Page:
AKRON, Ohio — Thousands of runners are celebrating after crossing the finish line of the annual Akron Marathon.

What You Need To Know

  • Akron Marathon returns after COVID-19 pandemic prevented an in-person race last year
  • Runners were required to show proof of a negative COVID-19 test result before lining up to race

  • Some runners used the event as a motivator to take healthier paths in their lives

More than 6,000 people participated in Saturday’s race. The route wrapped through the city to end at Lock 3 Park. 

Because of the pandemic, each runner had to provide a negative COVID-19 test result 72 hours before stepping up to the starting line and participants were broken into 14 heats to allow for more distance between people. 

Those who laced up said they missed the atmosphere of the event last year when the race went virtual and they were glad to be back in person. 

“It’s so nice,” said Heather Roszczyk, who completed the half marathon. “People come out in their front yards and they’re all throughout the course cheering. And, I mean, it just means so much as a runner to get that burst of energy, so we really appreciate it.”

The steps taken toward the finish line impacted other runners differently.

They led Keith Johnston and his teammates toward a healthier path.

“We always joke about it, running is the best therapy, all that sort of stuff,” he said. “And it turns out it’s true. It’s not just a joke.”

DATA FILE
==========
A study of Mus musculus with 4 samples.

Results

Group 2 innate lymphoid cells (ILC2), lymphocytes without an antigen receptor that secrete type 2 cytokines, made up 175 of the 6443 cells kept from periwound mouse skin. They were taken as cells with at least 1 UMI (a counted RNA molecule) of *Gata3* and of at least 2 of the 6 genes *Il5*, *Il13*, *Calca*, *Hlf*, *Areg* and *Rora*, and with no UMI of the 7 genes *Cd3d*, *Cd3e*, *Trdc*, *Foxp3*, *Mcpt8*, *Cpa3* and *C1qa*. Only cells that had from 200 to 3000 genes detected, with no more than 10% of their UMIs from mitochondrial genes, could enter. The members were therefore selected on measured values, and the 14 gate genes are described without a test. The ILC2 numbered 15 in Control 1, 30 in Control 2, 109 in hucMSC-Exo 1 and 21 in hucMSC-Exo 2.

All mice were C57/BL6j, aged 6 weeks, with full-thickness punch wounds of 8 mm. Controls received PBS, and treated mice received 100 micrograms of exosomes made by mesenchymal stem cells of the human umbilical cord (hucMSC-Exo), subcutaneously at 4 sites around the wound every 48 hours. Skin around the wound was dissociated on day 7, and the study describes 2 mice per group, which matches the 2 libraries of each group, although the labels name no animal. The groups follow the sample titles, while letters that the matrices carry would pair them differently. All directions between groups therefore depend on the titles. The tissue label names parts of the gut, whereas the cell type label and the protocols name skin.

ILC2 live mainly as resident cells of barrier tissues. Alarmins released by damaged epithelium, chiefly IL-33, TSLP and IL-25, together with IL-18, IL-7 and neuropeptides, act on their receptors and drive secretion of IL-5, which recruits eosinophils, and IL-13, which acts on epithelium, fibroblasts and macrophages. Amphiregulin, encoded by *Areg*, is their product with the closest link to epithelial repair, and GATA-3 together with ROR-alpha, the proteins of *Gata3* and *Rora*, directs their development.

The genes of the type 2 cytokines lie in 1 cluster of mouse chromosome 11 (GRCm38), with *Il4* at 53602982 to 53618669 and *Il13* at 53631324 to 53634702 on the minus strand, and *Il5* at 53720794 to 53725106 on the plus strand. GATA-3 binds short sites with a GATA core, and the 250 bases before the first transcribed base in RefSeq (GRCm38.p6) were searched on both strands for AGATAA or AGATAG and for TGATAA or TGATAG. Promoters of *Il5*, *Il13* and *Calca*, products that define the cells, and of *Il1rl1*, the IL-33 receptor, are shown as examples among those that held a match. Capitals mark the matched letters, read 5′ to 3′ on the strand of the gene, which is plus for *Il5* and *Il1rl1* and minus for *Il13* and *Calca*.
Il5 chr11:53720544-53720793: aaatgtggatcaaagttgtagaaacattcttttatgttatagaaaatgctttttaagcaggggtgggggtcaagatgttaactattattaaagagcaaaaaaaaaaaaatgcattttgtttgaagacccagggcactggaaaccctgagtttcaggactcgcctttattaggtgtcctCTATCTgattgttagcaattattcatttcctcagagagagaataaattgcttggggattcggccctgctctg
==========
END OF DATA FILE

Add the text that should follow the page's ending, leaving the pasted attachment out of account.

Johnston’s been running seriously for about 12 years. 

“Kind of had that midlife crisis ‘come to Jesus’ talk with my doctor,” he said. “It was time to get in shape.”

He said he lost about 50 pounds and the cravings for some of his addictions. 

“Moving, running, walking makes you happier, makes you think better, helps you make better decisions,” he said. 

He started the group Running 2 B Well six years ago to help others take steps toward improving their own mental health. 

“There are so many people that tell me all the time, ‘this group saved my life,’” Johnston said. “And they’re not kidding. Because relapses and overdoses are through the roof right now. And so are suicides.”

At 59 years old, he joined fellow members in the Team Relay at the Akron Marathon. 

“I’m just coming off of getting treatment for throat cancer, so I’m thankful that I can run again,” Johnston said. “But mostly I’m gonna be thankful for all the people in our groups that are achieving some success in their lives.”

The group provides a platform to support one another to keep up the pace toward their goals. 

“You cross that finish line and you’re like, ‘I just won the Olympics, baby!’” Johnston said. “And it doesn’t matter if you’re in the middle of the pack or all the way in the back. You feel great about yourself.”